On Wednesday 1st January 1817, George III is king of Great Britain and Ireland, although by now he is pronounced insane. His eldest son, George Prince of Wales is ruling as Prince Regent. James Madison is coming near the end of being the 4th President of the United States of America, hailed as the “Father of the Constitution”. In Ulster, after a very cold and wet 1816, there is little food to eat or fuel for the fire. In near-famine conditions, typhus was rampant, affecting all classes but mostly the poor. In mid Tyrone, William Kyle (20) born in the town-land of Brackey, is packing his belongings to sail to the United State. Like so many of his neighbours, he is leaving his family and country forever, in the hope that he will carve out a better future in a far away land. On this cold dark wintry morning, Mr Robin Armstrong unlocks the front door of his business premises to the public and begins his new position of Sub-Post master in the village of Sixmilecross.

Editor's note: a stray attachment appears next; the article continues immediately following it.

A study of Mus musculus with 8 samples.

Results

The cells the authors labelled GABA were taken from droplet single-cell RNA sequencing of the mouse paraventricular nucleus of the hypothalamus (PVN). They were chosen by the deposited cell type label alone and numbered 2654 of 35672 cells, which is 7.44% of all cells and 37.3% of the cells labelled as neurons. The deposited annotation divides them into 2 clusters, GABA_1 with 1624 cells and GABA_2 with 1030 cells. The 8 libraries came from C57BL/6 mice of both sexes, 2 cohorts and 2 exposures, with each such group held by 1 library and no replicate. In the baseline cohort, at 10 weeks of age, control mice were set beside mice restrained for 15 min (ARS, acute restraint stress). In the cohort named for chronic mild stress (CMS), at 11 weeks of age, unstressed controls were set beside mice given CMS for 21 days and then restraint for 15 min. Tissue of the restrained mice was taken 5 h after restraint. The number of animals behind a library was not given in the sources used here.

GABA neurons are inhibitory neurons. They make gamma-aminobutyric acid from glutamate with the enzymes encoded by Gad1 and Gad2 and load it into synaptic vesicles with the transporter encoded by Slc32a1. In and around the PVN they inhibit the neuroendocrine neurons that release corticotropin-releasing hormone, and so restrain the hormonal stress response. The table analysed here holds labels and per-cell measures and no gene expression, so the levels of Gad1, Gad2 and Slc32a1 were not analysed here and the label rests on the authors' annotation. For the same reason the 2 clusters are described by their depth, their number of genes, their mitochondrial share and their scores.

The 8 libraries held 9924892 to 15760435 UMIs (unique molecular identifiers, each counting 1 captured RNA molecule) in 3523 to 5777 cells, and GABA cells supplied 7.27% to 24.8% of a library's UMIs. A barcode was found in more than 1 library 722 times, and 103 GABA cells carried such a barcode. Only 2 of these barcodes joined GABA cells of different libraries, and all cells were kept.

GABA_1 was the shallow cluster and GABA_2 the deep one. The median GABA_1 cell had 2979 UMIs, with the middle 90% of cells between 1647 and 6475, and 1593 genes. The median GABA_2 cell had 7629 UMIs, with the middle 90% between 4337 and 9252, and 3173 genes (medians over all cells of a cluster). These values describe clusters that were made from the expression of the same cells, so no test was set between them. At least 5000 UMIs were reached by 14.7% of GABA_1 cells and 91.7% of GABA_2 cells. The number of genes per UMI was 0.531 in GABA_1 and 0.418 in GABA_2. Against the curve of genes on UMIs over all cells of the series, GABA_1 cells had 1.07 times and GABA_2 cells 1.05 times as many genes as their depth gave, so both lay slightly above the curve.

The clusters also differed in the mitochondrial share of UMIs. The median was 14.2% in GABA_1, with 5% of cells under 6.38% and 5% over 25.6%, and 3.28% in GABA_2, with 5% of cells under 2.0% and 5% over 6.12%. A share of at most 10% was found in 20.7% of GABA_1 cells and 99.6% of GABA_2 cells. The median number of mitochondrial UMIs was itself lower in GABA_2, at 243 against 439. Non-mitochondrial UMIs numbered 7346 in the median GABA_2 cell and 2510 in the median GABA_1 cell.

With his wife Mary acting as his assistant, the first sub-post office to be opened between the towns of Omagh and Dungannon comes into service. Their salary is £2 per annum, later to be increased to £3. Under the terms of Act 23, 24 George III in 1784 “sub-offices throughout this kingdom from whence all letter and packets whatsoever to or from places within this kingdom, or beyond the seas, may be with speed and expedition sent“, they have been appointed to carry out.
In the village there is still some lingering tension between those loyal to the British crown and those of Irish nationalism. The plane stone Celtic cross from whence the village takes its name, was destroyed nineteen years earlier by Royalist yeomanry during the United Irishmen rebellion 1798.
This is the social and political environment of that day, when a Scottish plantation family began a post office business, that stayed within their family for the next two hundred years or 72,897 days to be precise or did it?
I shall tell you what happened the next time I write.